Sunday, July 6, 2014

The story behind M*A*S*H

On a cold, crisp winter’s day nine years ago, Eric Moskowitz and I went to a nursing home in Bennington, Vt., to meet W.C. Heinz, the writer. We both admired Heinz’s boxing writing and World War II reporting. We hoped to pick up some tips at the feet of a master.

Moskowitz, now an ace reporter for the Boston Globe, recorded the interview and transcribed it. We were both disappointed that Heinz had dementia and often lost his way answering questions, but I am glad Eric preserved what he did say that day. One of his best stories was about the writing of M*A*S*H, a minor work in a life of gems but the one that made Heinz rich.

The Nevada after being hit at Pearl Harbor.
I pulled the transcript out recently because of the hubbub surrounding the 70th anniversary of D-Day. Heinz was off Normandy that day on the Nevada, which had been repaired after nearly sinking at Pearl Harbor.

He told us how World War II correspondents sent their stories home from ships or from the field. At sea, they placed stories in synthetic waterproof bags with lead weights in them. When a courier came alongside, they tossed the bags in the water, where the courier fetched them with a hook. Should the bags escape the hook, one purpose of the weights was to sink the newspaper copy, keeping it from the enemy. Heinz did not recall losing a story using this method.

Transmitting from a moving army on land had no such perils, other than the obvious one that the best correspondents were those who worked nearest the front. “Eisenhower had a great idea,” Heinz said. “They moved the transmitter right up with the press – one in every army.” The military used encryption to transmit the stories so that the Germans could neither interrupt nor intercept them.

Heinz dedicated his first book to George Hicks, a well-known radio broadcaster who was on the USS Ancon, the communications command ship during the landings on Omaha Beach. On that day Hicks’s “report went out first and was heard all over the world,” Heinz said. After the two of them became buddies, Hicks told Heinz, “Your stuff is so good, you know, you’ll be a very successful writer.”

Time proved Hicks right. The proof is in two anthologies: What A Time It Was: The Best of W.C. Heinz on Sports and When We Were Young, Heinz’s best stories from World War II.

Yet even Hicks could never have predicted the source of his friend Willie’s greatest success. Heinz wrote two books about doctors and ghosted an autobiography of Vince Lombardi, the Green Bay Packers’ football coach. He found Lombardi obtuse. When Moskowitz asked him what Lombardi was like, Heinz said: “Lombardi was easy to work with for one day. After the first day, he said, ‘How long is this going to take?’ ”

The book, Run to Daylight, sold well, but Heinz was still working up to his breakthrough.
J. Maxwell Chamberlain, a cardiac surgeon, had helped him write his first novel, The Surgeon, Chamberlain introduced him to Richard  Hornberger, a doctor from Maine who had written a novel about his experiences at army field hospitals in Korea.

Heinz with his typewriter.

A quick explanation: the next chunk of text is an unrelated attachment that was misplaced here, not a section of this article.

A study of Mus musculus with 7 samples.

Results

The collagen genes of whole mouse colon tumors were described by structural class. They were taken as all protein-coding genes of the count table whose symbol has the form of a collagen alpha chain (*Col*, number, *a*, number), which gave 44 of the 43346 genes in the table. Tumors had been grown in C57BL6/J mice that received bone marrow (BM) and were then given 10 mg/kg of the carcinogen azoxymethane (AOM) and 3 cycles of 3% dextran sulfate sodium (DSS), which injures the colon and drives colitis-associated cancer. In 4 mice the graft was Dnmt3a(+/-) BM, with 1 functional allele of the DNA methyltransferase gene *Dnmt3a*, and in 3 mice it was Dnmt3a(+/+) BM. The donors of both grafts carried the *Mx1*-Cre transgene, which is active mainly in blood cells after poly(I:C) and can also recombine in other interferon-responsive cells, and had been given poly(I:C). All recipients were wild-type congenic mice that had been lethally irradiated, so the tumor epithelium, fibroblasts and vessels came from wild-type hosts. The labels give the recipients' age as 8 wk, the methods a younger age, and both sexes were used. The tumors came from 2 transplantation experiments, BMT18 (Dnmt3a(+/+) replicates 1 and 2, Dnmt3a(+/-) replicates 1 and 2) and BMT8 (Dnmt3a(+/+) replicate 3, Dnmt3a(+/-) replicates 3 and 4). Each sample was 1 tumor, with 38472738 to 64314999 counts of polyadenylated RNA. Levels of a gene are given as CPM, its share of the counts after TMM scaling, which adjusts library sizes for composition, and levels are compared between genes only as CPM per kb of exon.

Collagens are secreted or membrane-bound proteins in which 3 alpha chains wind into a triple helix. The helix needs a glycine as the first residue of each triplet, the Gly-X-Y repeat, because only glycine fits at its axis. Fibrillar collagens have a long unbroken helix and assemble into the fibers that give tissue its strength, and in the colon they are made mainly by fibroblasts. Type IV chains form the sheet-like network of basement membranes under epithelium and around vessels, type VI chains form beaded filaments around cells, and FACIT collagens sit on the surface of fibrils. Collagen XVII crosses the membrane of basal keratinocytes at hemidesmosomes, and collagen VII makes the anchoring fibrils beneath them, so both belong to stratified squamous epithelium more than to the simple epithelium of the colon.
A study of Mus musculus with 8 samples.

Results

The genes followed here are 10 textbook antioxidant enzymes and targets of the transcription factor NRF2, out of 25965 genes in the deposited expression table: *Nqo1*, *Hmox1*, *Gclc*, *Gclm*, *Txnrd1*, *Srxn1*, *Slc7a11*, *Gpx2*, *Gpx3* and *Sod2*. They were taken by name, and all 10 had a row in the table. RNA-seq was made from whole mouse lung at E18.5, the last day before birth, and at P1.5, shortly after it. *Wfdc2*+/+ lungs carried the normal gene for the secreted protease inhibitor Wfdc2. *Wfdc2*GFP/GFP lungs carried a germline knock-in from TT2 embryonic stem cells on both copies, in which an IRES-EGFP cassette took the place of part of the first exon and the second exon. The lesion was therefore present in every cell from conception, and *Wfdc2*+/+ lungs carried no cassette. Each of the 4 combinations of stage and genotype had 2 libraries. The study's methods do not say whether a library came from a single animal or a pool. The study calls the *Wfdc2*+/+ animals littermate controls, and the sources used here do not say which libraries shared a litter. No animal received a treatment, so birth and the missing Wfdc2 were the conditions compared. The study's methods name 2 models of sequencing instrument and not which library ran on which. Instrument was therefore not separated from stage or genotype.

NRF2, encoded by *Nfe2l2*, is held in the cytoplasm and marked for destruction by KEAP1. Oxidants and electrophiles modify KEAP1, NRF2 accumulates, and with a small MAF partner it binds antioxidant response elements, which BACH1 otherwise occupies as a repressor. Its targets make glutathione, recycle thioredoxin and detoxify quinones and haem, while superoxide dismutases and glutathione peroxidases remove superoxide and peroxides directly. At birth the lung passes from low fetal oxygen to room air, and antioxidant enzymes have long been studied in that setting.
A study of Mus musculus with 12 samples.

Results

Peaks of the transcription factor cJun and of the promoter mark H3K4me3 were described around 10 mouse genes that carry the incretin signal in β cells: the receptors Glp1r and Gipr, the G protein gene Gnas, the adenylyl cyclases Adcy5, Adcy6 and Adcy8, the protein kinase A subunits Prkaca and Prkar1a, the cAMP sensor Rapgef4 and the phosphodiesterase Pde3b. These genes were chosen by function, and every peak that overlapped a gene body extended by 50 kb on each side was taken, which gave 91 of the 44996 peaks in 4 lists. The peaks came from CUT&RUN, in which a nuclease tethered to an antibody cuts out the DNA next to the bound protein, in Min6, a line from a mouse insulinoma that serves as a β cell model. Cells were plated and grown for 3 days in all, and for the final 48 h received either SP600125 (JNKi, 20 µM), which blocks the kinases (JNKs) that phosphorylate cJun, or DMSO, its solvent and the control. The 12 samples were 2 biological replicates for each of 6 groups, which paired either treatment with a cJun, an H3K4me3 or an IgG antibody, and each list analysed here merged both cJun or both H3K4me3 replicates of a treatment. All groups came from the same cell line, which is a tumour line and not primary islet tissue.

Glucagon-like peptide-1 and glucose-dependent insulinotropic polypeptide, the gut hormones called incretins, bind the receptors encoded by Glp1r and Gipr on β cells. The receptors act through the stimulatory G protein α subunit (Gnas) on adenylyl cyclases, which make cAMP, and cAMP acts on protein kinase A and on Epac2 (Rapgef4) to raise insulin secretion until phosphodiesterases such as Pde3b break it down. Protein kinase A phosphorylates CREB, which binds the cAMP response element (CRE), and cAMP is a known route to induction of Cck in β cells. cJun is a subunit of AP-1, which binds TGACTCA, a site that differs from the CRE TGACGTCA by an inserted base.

Heinz showed the manuscript to his wife Betty, who was from Montpelier and had a strong sense of propriety. When she laughed at certain passages, Heinz decided to take on the project. He wrote Hornberger, and soon they were working together.

Heinz described Hornberger as  a “shy man.  . . . He said, ‘I want to get this goddamn book published.’ ” He told Heinz he didn’t care about the money – Heinz could have it all. Heinz wouldn’t hear of it and offered Hornberger the better portion of a 60-40 split.

Heinz drafted three chapters and showed them to an editor at William E. Morrow, who offered an advance of less than $5,000 – “not very much but you take it,” Heinz said.  It took about a year to finish the manuscript. The two men worked under the joint pseudonym Robert Hooker. Hornberger’s “characters were all what I call ‘stick people’ – you know, they had no dimensions to them. He wanted to be a writer, but he wasn’t, really.” Heinz turned the characters into “living human beings.” He also did what he could to provide Hornberger’s episodic story with structure.

M*A*S*H came out in 1968. The film appeared in 1970, its screenplay written by Ring Lardner Jr., and won the Palme d’Or at Cannes.The television series ran from 1972 to 1983.

M*A*S*H: Bill Heinz's goldmine
For Heinz the popularity of book, film and TV show meant royalties, royalties, royalties. “The money started to grow very rapidly,” he said. He described the weekly checks as “ridiculous . . . enormous . . . It was a hell of a lot.”

Heinz’s career as a sports writer had ended by then. He was in Miami in 1964 to cover Cassius Clay’s challenge of Sonny Liston for his heavyweight boxing title. When he heard after the fight that a serious infection had hospitalized his daughter Barbara, he rushed to her side. But the infection killed her at age 16.

Bill and Betty Heinz moved to Dorset, Vt., with their younger daughter, Gayl. In time the Heinzes used the M*A*S*H windfall to establish the Heinz Family Trust to support the Department of Pediatrics at the University of Vermont College of Medicine. It is now known as the Barbara Bailey Heinz and Gayl Bailey Heinz Fund.

I asked Heinz, who died in 2008 at the age of 93, whether he didn’t find it ironic that after all the stirring reporting and writing he had done from battlefields and sporting arenas , it was a rewrite job that had made him rich.

“I suppose so, but it doesn’t bother me,” he said. “Heh heh heh. Oh no, I don’t want to go around saying, ‘Hey, I wrote this or that.’ But I do get trapped all the time into the M*A*S*H thing.”

Whenever he gave a talk about his career, people asked, “Where did M*A*S*H come from?”